Red Gate arts centre remains open for now
The Red Gate arts centre at 152–156 West Hastings Street in the Downtown Eastside has secured a 60-day extension on an order to vacate from the City of Vancouver Building Inspections Branch, giving the centre until the end of August to address a number of safety and building-code issues.
Even so, Jim Carrico, one of the centre’s organizers, said the future of the arts space is less than assured. “This 60-day extension that we’ve negotiated is based on getting the fire-code stuff done, which we’re most of the way there for that stuff, and then by the end of the summer we’re supposed to be submitting plans, like blueprints and things like that, and a whole proposal for what’s supposed to happen to the building,” he said.
According to Carrico, the city’s cultural-services department has encouraged the centre to apply for cultural infrastructure grants to complete all the renovations required, but until it has a formal agreement with the building’s owner, Moshe Mastai, for long-term occupancy, those grants are out of reach. Mastai, who did not respond to requests for an interview, has so far refused to negotiate a lease, according to Carrico.
“The grant money for the city is dependent on not giving a bunch of money to an owner to fix up a building for use that they want to encourage, and then having him turn around and just selling the building,” said Carrico. “The main issue right now is getting the owner to commit. His problem is, ”˜Well, where’s all this money going to come from for this $2-million renovation?’ What I’m trying to say to him is, ”˜Look, we don’t know how much it’s going to cost, because we don’t know what the conditions are, and as it is right now, as far as I understand it, we’re okay with the current occupancy use of studio, as long as we don’t have public assembly.’”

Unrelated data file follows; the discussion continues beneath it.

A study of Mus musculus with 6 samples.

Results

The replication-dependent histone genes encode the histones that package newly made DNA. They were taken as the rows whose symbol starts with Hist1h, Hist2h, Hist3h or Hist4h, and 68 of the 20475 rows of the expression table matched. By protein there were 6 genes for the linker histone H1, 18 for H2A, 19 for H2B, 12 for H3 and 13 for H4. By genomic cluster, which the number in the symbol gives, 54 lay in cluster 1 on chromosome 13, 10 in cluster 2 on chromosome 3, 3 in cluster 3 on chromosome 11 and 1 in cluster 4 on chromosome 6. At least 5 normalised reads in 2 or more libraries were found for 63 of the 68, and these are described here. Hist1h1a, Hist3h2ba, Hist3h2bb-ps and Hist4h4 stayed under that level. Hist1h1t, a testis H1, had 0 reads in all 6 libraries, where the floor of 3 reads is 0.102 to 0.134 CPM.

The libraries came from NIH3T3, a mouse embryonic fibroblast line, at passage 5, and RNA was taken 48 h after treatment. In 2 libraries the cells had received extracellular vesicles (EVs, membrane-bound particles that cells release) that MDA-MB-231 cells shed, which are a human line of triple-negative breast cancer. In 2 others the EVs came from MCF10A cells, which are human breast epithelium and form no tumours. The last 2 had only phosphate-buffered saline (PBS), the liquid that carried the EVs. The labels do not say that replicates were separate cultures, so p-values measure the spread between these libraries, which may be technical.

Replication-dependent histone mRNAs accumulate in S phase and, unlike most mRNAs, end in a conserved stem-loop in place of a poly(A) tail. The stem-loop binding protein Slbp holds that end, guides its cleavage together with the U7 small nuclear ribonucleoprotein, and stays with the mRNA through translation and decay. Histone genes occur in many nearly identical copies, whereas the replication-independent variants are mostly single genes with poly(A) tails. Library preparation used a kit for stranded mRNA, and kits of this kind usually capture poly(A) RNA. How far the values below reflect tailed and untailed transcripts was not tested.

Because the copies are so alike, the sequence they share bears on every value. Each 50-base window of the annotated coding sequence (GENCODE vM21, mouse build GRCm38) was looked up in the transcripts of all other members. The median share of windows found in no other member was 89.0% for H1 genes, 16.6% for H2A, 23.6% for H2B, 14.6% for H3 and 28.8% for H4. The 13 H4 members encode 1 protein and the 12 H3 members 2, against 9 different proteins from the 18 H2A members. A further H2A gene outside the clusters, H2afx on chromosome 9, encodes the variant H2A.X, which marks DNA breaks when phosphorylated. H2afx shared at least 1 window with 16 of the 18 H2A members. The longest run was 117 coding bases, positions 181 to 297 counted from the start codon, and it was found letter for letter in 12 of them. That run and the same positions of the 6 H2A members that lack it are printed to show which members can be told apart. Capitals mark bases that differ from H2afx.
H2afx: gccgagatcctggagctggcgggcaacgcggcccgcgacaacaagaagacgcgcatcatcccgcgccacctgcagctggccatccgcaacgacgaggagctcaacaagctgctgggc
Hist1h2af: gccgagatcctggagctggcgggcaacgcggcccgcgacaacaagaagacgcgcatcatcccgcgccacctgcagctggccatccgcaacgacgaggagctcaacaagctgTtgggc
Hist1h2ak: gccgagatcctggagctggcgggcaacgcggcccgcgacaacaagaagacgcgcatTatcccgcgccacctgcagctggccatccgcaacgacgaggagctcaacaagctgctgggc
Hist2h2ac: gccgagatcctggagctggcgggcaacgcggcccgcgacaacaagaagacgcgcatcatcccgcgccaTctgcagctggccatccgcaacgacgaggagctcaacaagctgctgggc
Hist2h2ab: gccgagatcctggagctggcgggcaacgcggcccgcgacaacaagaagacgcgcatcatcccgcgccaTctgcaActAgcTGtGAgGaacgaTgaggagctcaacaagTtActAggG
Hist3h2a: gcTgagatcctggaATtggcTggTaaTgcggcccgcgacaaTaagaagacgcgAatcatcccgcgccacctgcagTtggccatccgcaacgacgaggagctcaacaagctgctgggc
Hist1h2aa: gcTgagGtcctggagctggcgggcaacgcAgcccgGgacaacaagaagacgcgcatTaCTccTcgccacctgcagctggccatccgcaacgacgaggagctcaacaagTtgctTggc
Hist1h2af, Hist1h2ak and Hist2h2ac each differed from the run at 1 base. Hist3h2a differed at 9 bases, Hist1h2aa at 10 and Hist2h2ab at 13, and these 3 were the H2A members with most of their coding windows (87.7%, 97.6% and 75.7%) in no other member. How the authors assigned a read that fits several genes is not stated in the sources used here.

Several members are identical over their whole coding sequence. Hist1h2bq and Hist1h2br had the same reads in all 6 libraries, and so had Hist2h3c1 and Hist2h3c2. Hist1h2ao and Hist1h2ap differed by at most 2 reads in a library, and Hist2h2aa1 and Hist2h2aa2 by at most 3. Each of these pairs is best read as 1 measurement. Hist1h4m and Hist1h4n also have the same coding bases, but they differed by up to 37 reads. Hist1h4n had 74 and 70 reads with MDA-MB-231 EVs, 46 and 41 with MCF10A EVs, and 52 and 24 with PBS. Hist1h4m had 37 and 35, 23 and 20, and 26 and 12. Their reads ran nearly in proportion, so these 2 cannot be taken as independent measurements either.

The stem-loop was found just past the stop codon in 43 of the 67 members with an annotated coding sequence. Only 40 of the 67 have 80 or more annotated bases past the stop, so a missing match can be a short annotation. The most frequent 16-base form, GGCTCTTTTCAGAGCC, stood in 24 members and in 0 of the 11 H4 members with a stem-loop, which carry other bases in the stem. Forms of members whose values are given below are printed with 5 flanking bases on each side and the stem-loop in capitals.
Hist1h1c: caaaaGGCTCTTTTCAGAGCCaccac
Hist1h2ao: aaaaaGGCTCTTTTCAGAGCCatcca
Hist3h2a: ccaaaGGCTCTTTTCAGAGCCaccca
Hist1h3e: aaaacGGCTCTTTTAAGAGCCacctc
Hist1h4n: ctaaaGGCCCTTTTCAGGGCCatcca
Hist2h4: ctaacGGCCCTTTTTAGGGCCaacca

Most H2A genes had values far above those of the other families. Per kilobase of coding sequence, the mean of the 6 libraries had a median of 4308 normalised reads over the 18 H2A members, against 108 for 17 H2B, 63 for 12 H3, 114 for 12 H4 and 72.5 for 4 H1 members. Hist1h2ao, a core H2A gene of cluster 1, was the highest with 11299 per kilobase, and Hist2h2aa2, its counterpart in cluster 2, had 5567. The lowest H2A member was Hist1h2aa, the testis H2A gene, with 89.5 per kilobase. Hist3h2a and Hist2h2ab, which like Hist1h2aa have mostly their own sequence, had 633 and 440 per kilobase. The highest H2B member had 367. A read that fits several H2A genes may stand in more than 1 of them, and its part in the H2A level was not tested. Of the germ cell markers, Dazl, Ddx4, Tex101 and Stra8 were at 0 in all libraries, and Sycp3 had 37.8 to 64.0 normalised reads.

Will Johnston, the city’s director of licences and inspections, explained that there is a will to help the centre remain open. “Our inspectors, as well as the city’s cultural-services group and the Downtown Eastside planning group, have been working with the owner and artists in order to enable this facility so that it could continue in a safe manner. They’ve been trying to do that, and unfortunately we haven’t been successful at convincing the owner to carry out those repairs.”